Author Topic: Oil on top  (Read 1812 times)


« on: May 31, 2005, 09:34:13 AM »
After making several pies for a party on Friday, finally one of my friends gave me some useful comments on my pizza.  Typically I get the "this is the greatest pizza I ever ate" or "wow, this is amazing pizza".  Now I know my pizza is pretty good, but there's always ways to improve and besides that, these people are eating over my house and they are not about to insult me.   But finally, someone had the nerve to give me some good input since I've been too close to my pizza for so long I can't give good input anymore.

He thought that the dough was a little dry - he compared it to una pizza napolitana - we had been there together 2 months ago.   I don't add any oil to my dough but I do coat the dough with some oil (with a basting brush) during the fridge rise.    He thought it was to dry.  So using his opinion, on Monday (using the same batch of dough used for Friday's pizza - but now the dough was in the fridge for 5 days!!!) I poured lightly on the uncooked dough (over the cheese) some olive oil.   The dough was amazing.  Of course I wasn't sure at first if it was the 5 day rise or the oil, but after making another pie without the oil I knew that it was the oil.   

I know that DiFara usually pours some oil on after it's done, but I wanted to see if others had experience with using oil on the dough during prep or after cooking.

Online Pete-zza

« Reply #1 on: May 31, 2005, 10:57:03 AM »

I often use oil on top of the crust--to prevent migration of water from the sauce into the dough, for added flavor, or to improve browning of the rim of the crust. Occasionally I will also use a high quality olive oil on the pizza after baking. For some this is a no no, but I happen to like the fresh flavor of a good raw olive oil, even a strong tasting one.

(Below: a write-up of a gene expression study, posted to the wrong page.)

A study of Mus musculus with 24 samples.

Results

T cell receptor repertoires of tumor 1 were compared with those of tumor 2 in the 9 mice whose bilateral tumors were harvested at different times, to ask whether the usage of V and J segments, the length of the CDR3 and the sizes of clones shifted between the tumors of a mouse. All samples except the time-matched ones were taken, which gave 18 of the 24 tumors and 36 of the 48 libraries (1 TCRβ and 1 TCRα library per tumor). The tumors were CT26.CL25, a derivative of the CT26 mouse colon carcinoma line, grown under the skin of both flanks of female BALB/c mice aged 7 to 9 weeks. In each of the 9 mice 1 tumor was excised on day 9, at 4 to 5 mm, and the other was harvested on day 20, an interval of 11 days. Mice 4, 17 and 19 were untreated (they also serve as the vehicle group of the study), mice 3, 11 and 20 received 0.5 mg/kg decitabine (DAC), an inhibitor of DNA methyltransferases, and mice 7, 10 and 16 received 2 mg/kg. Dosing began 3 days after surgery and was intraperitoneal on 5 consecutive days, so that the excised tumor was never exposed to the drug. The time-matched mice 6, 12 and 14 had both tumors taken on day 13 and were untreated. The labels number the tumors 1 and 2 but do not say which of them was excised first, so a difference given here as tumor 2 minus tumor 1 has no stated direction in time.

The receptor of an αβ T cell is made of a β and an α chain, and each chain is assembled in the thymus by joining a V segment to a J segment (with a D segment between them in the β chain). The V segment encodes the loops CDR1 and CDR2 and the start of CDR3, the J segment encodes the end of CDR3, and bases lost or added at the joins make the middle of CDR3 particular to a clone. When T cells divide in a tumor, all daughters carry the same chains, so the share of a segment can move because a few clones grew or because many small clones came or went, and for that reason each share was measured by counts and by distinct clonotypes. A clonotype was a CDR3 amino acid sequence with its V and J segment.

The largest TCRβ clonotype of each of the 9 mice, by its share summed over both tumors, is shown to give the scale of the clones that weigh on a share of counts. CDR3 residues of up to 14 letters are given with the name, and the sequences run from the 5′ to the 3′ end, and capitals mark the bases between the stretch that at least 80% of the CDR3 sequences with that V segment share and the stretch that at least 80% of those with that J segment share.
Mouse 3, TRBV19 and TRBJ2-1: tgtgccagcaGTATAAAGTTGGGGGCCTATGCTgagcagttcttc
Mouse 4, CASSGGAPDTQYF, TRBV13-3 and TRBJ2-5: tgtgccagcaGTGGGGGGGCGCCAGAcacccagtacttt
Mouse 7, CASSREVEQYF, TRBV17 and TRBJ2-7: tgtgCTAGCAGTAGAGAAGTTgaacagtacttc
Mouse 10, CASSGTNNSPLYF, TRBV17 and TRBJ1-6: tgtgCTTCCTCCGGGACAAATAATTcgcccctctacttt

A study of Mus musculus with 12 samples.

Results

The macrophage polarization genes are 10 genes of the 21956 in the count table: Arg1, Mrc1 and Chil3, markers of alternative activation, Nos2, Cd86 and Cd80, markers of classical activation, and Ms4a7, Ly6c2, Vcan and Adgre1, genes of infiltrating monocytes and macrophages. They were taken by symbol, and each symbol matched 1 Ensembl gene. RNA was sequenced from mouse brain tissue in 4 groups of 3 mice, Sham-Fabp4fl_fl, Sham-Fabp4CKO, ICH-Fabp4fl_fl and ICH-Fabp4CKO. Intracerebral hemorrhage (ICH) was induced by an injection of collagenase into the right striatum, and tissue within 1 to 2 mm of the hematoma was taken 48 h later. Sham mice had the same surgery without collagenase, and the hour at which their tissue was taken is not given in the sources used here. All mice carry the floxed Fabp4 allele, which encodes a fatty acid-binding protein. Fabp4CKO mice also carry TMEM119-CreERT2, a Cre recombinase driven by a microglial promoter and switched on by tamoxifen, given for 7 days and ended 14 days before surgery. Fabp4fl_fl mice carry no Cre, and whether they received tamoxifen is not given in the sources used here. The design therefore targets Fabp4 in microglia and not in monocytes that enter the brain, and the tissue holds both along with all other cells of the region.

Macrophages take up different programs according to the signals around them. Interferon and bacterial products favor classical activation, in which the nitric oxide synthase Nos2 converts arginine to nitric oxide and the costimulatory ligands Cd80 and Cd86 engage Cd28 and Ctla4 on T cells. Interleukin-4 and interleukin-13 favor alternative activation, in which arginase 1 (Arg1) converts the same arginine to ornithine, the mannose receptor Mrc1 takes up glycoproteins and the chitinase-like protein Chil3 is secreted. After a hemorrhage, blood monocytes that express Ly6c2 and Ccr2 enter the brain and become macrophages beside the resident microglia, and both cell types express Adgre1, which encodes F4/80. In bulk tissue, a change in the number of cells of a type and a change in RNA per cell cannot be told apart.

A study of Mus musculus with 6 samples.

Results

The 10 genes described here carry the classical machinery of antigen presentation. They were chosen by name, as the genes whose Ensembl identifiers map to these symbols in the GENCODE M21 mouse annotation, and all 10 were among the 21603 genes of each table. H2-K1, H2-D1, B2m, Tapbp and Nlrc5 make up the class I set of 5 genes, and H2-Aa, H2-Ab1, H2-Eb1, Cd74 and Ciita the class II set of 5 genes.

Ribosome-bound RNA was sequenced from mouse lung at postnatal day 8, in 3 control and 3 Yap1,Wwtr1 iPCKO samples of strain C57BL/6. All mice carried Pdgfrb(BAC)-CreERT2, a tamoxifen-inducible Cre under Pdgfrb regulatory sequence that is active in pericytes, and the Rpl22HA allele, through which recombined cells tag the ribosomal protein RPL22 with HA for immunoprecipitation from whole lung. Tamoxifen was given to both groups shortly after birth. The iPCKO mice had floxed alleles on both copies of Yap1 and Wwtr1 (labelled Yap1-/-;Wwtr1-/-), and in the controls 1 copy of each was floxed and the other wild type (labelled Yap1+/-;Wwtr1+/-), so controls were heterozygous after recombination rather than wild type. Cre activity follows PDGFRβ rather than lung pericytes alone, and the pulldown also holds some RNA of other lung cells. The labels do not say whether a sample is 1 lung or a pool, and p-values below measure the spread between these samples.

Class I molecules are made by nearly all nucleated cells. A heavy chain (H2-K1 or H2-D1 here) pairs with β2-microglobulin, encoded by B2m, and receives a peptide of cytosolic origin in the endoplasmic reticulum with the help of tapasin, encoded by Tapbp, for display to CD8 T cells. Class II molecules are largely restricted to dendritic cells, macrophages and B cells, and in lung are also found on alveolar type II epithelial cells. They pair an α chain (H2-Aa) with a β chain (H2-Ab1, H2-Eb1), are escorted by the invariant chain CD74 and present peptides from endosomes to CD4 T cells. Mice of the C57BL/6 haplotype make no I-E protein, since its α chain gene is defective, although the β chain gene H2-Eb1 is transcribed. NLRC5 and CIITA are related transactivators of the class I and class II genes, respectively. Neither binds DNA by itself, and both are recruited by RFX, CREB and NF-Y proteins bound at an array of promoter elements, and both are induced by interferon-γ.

However, I am having a tough time figuring out the physics and thermodynamics of your situation where you have placed the olive oil on top of the cheese. I could understand what happened if you had put olive oil in the dough to get a softer, more tender crumb (but for even that to happen you would have needed a lot of olive oil, around 7% by weight of flour).

The laws of thermodynamics say that heat will transfer in a direction from a hot object to a cooler object. I suspect that olive oil has a higher heat capacity (that is, it heats up faster and retains its heat longer) than sauce or cheese. If that is so, then it would seem to follow that the transfer of heat from the oil would be largely into the air which, as an insulator, has a lower heat capacity than the toppings on the pizza. Otherwise the cheese could overcook and start to turn brown faster than if no olive oil were used. It's possible in your case that the pizza looked done sooner than usual because of the high heat transfer characteristics of the olive oil and the color of the crust and possibly the cheese. You didn't indicate how long the pizza was baked in relation to the other pizzas, but if the pizza with the olive oil on the cheese baked faster, for whatever principles of thermodynamics applied in your case, then there would be less drying of the crust and more moisture retention, leading to a softer and more tender crumb. I'm no expert on pizza/oven thermodynamics, so I am receptive to a more informed analysis from others who have a better grasp of the physics involved here.


Offline Arthur

« Reply #2 on: May 31, 2005, 11:31:58 AM »
I didn't notice any change in baking time nor did I notice any change in the texture of the cooked crust, unlike if I had added the oil to dough during mixing.  The oil on top (just sprinkles over the fresh mozz/locatelli/basil/sea salt) just seemed to give it a nice flavor. 

"I often use oil on top of the crust--to prevent migration of water from the sauce into the dough..." - I strain my sauce using a flour sifter.